Last month, in Paton and another, Re Judicial Review, Lord Bannatyne enforced an adjudicator’s decision even though the adjudicator had relied on his own knowledge and experience in arriving at certain conclusions. Now the Scottish court has been asked the same question again (in SGL v RBG) but this time Lord Glennie refused to enforce the adjudicator’s decision.
Why did the court arrive at two different outcomes when, on the face of it, it was being asked the same question, arising out of the same type of allegation?
Using your own knowledge and experience
In Paton, the home owner argued that there hadn’t been a fair hearing because (among other things) the adjudicator had applied his own knowledge and experience to the issues before him and hadn’t come back to the parties to seek their submissions on his approach and interim conclusions.
In SGL v RGB, the contractor ran a similar argument, alleging the adjudicator had used his own knowledge and experience to make factual determinations where there was no evidence and he had not given them a reasonable opportunity to comment.
In both cases, the adjudicator was alleged to have breached the rules of natural justice. But that is where the similarities in the two cases end.
What were the allegations in SGLv RGB?
Two of the issues in dispute related to labour productivity (relating to shiftwork (issue 18) and pipework (issue 19)). On each occasion, Mr Ross set out in correspondence the factors that he said he was going to take into account from his own knowledge. He went further than this though, and also explained the range of lost productivity that he thought was appropriate. He gave the parties about a day to respond on each issue.
It was no surprise that the contractor responded. On issue 18, the contractor argued that Mr Ross was using facts from one project and applying them to this dispute; that there was no evidence for the “arbitrary percentage deduction”; and that Mr Ross had no direct knowledge of what happened on site and had not questioned key witnesses about what happened. In subsequent correspondence, Mr Ross sought to explain his experience to the parties (paragraphs 16-19, judgment).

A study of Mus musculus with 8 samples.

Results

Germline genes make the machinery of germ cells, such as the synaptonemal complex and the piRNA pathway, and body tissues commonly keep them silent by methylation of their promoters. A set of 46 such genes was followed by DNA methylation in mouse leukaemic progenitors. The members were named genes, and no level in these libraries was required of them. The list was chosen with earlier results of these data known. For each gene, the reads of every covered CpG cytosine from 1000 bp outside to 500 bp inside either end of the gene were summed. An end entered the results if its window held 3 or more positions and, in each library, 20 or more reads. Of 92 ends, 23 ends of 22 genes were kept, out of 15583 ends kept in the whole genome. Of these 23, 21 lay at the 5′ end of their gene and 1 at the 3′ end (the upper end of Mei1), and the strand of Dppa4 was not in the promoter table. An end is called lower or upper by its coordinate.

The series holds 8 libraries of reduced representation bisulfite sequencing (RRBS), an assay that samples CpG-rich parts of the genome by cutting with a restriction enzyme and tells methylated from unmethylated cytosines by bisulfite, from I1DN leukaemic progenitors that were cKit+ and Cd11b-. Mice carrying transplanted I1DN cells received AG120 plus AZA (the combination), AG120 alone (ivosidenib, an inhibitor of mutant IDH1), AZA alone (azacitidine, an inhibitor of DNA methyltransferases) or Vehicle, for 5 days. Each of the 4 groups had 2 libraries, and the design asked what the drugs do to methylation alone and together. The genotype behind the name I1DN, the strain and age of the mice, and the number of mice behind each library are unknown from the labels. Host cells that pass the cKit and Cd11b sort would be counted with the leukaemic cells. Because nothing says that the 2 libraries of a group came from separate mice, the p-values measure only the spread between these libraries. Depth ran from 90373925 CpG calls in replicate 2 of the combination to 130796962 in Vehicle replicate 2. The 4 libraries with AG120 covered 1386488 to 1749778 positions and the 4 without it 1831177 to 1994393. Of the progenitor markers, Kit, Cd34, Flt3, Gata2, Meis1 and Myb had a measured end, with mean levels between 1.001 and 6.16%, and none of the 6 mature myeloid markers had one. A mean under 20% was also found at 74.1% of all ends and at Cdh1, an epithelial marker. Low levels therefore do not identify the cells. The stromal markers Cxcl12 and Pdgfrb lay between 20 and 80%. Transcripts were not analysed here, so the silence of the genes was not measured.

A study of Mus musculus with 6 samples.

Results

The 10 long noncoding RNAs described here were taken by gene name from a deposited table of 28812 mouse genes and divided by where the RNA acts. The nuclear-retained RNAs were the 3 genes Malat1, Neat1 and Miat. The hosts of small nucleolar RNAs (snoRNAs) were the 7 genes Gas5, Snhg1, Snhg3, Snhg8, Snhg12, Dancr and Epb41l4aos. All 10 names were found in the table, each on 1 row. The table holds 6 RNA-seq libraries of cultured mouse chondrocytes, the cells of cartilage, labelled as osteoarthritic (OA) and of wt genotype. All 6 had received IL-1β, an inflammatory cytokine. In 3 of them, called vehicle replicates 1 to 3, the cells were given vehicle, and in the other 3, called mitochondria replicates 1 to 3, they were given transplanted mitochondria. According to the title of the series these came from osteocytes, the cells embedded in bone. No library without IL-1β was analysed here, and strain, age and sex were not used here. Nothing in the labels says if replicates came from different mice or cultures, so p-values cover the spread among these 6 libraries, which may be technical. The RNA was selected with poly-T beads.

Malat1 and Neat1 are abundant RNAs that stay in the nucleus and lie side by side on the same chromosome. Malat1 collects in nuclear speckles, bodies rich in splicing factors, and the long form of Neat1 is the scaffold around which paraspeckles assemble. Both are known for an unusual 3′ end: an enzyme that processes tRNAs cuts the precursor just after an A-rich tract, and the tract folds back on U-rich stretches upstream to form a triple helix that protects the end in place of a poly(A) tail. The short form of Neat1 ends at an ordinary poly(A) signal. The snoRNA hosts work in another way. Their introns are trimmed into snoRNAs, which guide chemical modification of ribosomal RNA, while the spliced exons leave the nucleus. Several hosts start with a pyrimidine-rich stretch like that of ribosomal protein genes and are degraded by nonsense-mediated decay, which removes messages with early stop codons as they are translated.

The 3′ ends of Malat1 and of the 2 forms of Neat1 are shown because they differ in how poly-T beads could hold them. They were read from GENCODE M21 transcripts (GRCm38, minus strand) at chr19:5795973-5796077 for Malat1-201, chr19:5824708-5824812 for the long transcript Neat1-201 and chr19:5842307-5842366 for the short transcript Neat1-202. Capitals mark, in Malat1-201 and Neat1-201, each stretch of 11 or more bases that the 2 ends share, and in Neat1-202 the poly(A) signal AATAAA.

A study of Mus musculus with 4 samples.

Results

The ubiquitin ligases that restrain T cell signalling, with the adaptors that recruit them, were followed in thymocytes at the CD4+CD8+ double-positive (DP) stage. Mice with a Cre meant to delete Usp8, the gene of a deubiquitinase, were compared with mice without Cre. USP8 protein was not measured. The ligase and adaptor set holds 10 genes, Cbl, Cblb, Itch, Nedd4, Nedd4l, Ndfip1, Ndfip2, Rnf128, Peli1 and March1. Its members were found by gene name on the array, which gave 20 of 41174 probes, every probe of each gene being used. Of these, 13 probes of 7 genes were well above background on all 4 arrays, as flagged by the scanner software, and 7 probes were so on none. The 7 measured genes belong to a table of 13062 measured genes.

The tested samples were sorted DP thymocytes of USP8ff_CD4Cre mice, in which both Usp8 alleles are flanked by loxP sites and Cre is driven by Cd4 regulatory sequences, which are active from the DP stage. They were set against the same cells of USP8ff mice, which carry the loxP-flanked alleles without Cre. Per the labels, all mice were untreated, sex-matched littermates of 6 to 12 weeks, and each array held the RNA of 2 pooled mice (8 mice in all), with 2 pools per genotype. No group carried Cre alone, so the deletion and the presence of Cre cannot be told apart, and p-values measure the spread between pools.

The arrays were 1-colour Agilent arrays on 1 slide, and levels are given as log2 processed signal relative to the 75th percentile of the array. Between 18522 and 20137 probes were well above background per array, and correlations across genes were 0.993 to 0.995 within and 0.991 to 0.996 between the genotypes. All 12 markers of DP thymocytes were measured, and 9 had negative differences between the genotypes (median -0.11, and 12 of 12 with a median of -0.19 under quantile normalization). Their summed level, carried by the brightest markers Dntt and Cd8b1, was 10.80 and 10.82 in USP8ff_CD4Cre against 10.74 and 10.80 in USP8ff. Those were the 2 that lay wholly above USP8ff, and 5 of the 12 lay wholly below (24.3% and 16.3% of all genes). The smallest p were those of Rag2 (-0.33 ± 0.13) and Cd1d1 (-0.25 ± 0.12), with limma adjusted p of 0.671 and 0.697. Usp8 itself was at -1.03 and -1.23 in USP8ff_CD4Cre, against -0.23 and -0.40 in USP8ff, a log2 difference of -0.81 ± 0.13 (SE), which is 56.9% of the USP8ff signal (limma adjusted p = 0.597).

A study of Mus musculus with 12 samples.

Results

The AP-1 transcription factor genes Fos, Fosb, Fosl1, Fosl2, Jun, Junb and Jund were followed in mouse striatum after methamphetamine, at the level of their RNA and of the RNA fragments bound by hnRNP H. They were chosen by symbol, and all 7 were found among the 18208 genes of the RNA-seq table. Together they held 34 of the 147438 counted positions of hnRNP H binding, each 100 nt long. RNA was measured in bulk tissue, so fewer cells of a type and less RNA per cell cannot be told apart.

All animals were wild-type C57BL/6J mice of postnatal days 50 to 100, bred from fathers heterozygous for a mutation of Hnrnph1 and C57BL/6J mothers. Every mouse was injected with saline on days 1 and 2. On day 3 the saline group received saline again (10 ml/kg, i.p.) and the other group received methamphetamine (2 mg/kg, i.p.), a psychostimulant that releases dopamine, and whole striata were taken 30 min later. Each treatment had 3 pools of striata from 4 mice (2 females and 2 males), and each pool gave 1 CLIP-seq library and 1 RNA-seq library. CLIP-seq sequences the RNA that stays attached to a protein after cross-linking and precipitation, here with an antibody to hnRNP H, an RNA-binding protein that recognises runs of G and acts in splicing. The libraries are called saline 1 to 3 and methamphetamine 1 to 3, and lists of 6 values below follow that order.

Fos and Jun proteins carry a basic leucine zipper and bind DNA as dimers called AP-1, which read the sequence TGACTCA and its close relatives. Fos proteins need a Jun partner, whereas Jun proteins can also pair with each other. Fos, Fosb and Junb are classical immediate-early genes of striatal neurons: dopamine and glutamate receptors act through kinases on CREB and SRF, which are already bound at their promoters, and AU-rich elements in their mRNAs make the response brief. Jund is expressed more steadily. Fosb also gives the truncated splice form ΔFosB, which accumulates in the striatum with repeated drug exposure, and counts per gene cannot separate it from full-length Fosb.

On issue 19, the contractor made similar submissions, inviting Mr Ross to provide evidence of his relevant knowledge and experience so it could comment on it. It also suggested that as the employer’s site representative (who was on site every day) did not think productivity was an issue, Mr Ross was “[inventing] a case where none existed” (paragraph 26, judgment).
Crossing the line
I wrote about Paton, both in terms of the own knowledge point and also on how an adjudicator may look at events that have caused delay (which may also require the adjudicator to consider his own experience as part of the mix of factors to take into account). I cautioned against adjudicators going too far. The court said that Mr Strathdee didn’t go too far. However, in SGL v RGB it looks like Mr Ross crossed the line. It looks like he went from evaluating the evidence before him to, effectively, offering expert evidence that could not be properly tested by the parties in the time allowed. It is arguable that Mr Ross’s approach was well-intended, but it was clearly risky and hardly appropriate. I’m not surprised Lord Glennie refused to enforce his decision.
I don’t think that adjudicators should be put off from using their own knowledge and experience (it is often why we are appointed), but they should read this judgment and take note of the circumstances that led to the adjudicator’s excessive use of his own knowledge and experience. Equally, Lord Ballantyne’s seven-point guidance in Paton is a useful reminder of how to approach this issue. As ever, if in doubt, raise it with the parties and give them a reasonable time to respond.